From quaint downtowns and superb suburbs to stunning rural settings, this county in Middle Tennessee offers new residents a vast array of choices.
With its proximity to Nashville, Williamson County offers an ideal spot for families and individuals who love having access to big-city amenities but prefer a more relaxed suburban lifestyle. Residents love the qualities that set this region apart from so many others – excellent schools, a booming local economy and job market, and a sense of community. Let’s take a tour of the communities as you decide where to live in Williamson County.
There’s a reason you’ll find Franklin (population: 83,454) on so many “Top Places to Live” lists, including a No. 16 ranking on Livibility’s current Top 100 list. Beyond the city’s picturesque historic downtown, which offers a variety of unique shopping and dining experiences, Franklin embodies the best of Tennessee living. Opportunities for outdoor recreation abound, with several family-friendly parks in the area.
Franklin also hosts a wealth of fun community activities throughout the year, including a Charles Dickens-themed winter festival, movies in the park during the summer, and Pumpkinfest in the fall. It’s also the site of the famous Pilgrimage Music & Cultural Festival, featuring different big-name headliners each year.
As far as Tennessee suburban living goes, you can’t do much better than Brentwood (population: 45,373). With great safety ratings, superb schools and plenty of green space, the city is a bustling hub for families. Whether you’re enjoying the lovely Crockett Park, golfing at The Governors Club or even just driving the roads and marveling at the hilly vistas, Brentwood’s natural beauty cannot be denied.
Of course, an overview of Brentwood wouldn’t be complete without praising its elite school systems. While its public schools are excellent, there are also great private schools available, such as Brentwood Academy, known worldwide for its award-winning robotics program, the Iron Eagles.
Spring Hill, TN
Spring Hill (population: 50,005) straddles county lines, with one part in Williamson County and the other in Maury County. While this might be a factor in neighborhood selection and school options, Spring Hill’s community offerings appeal to all. Here, things are a bit more spread out, and it’s very much a stop-and-smell-the-roses environment.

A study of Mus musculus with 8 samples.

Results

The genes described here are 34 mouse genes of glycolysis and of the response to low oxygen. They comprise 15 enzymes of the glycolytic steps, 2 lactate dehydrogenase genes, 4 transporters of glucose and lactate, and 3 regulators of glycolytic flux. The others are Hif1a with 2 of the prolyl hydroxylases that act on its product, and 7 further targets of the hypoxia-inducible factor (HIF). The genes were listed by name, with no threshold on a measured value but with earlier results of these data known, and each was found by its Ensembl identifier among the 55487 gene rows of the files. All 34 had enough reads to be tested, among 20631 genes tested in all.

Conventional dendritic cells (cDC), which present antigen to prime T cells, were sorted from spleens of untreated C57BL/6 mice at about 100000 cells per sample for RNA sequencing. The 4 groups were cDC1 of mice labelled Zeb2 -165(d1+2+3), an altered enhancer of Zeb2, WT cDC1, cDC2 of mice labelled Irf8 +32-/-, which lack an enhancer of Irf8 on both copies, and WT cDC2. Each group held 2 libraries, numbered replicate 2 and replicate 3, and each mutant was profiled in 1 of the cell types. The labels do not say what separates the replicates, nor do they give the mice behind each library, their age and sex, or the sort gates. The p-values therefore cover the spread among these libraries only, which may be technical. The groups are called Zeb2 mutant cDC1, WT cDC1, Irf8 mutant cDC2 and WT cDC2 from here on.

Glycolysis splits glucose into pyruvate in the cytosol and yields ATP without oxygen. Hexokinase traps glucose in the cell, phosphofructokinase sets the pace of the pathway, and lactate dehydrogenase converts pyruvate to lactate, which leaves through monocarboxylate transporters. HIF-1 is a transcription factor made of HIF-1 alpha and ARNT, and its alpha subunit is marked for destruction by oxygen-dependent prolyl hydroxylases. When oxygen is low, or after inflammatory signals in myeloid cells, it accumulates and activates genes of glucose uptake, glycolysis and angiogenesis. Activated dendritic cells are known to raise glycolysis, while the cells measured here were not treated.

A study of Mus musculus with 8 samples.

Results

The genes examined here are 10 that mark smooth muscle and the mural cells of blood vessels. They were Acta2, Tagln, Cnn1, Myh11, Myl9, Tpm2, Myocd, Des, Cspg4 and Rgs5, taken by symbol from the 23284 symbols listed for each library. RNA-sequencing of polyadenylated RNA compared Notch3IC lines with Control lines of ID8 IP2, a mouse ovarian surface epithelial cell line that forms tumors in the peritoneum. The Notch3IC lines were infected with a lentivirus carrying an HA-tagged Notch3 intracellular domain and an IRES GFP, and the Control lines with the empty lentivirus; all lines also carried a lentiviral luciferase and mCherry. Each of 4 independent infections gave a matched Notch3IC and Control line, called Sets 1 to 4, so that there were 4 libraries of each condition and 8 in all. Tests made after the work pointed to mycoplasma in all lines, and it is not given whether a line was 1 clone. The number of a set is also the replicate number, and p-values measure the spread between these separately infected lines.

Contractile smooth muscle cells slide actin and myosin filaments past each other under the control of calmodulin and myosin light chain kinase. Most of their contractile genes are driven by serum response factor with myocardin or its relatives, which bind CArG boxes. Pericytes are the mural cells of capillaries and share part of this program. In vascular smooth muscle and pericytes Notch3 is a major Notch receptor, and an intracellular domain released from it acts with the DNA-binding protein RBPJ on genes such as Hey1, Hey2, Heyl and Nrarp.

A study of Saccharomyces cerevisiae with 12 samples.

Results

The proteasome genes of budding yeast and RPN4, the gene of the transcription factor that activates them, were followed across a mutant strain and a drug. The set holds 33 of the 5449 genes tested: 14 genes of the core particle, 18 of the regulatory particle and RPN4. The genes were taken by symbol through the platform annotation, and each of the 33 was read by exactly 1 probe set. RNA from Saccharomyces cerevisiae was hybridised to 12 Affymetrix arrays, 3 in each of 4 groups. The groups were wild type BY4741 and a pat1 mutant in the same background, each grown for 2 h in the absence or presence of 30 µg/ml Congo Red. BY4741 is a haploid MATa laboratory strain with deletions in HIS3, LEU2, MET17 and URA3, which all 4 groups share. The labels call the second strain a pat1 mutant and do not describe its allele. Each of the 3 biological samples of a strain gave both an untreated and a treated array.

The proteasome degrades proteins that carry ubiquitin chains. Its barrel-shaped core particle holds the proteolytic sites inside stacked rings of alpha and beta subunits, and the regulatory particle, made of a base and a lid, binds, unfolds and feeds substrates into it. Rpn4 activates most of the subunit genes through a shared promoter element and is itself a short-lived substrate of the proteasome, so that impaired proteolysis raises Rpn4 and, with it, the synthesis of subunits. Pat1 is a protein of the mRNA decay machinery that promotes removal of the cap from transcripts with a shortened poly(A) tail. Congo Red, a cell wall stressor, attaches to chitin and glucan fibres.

The city continues to develop, especially in terms of housing, and the homes themselves are affordable. In fact, 84% of residents own their homes. The average monthly housing cost with a mortgage is $1,644, according to the U.S. Census Bureau. Of all Williamson County’s communities, Spring Hill is the farthest away from Nashville (about 45 minutes), but it’s still close enough to take advantage of concerts, sports and other events.
The town of Nolensville (population: 13,829) has experienced massive growth in the past few years, with no signs of slowing down. Though it lacks a “downtown,” Nolensville’s local businesses can be found – literally – left and right along its main thoroughfare, Nolensville Road. Small businesses find a great level of support from the community, especially at the weekly farmers market, which is always packed with vendors and visitors.
Dining-wise, there’s something for everyone in Nolensville, from the colorful and retro Hwy 55 Burgers, Shakes & Fries to the steeped-in-tradition Feed Mill Amish Market to the Itty Bitty Donuts & Specialty Coffee, with its gorgeous outdoor patio and top-notch service. And, like everywhere else in Williamson County, Nolensville also has great parks, schools and scenery. What more could you ask for?
Leiper’s Fork, TN
Located along the Natchez Trace Parkway, the village of Leiper’s Fork (population: 650) was historically the center of trade in the 1800s due to its ideal location and access to transportation. Nowadays, it’s much less bustling but still historically charming. Local businesses are brimming with character and friendly faces. Many artists have made Leiper’s Fork their home, displaying their work in art galleries like The Copper Fox or Leiper’s Creek Gallery.
The village is also home base for Leiper’s Fork Distillery, known for its high-quality, small-batch whiskey. Middle Tennesseans flock to Leiper’s Fork for festivals and events throughout the year, too. There’s the Hillbilly Half Marathon in the summer, annual turkey shoots in the winter and even a model airplane competition in the fall.
Thompson’s Station, TN
Thanks to mindful planning by local leaders, Thompson’s Station (population: 7,485) is a land-rich haven, and it’s going to stay that way. Parks, farms and ranchland abound in this small town, making it ideal for nature enthusiasts. Local entertainment includes the recently opened FirstBank Amphitheater, a 6,500-seat outdoor concert venue built in the limestone quarry used to make the roadbed for Interstate 840. The amphitheater has already become a local favorite in its first season. With friendly residents and a spacious small-town feel, Thompson’s Station is a wonderful, safe place to raise a family.
Just west of Franklin, you’ll find the quaint city of Fairview (population: 9,357). Fairview is home to one of the largest city parks in Tennessee, Bowie Nature Park, as well as the award-winning Fairview Ball Park. Though it can’t compete with Nashville in terms of size, the city does have one major geographical advantage: elevation.
At 800 feet above sea level, Fairview offers residents beautiful views of the landscape. Residents here love the small-town feel and close-knit neighborhoods, where a friendly face is never hard to find. And Fairview is one of the more wallet-friendly communities in the region, with the median h home value around $357,000.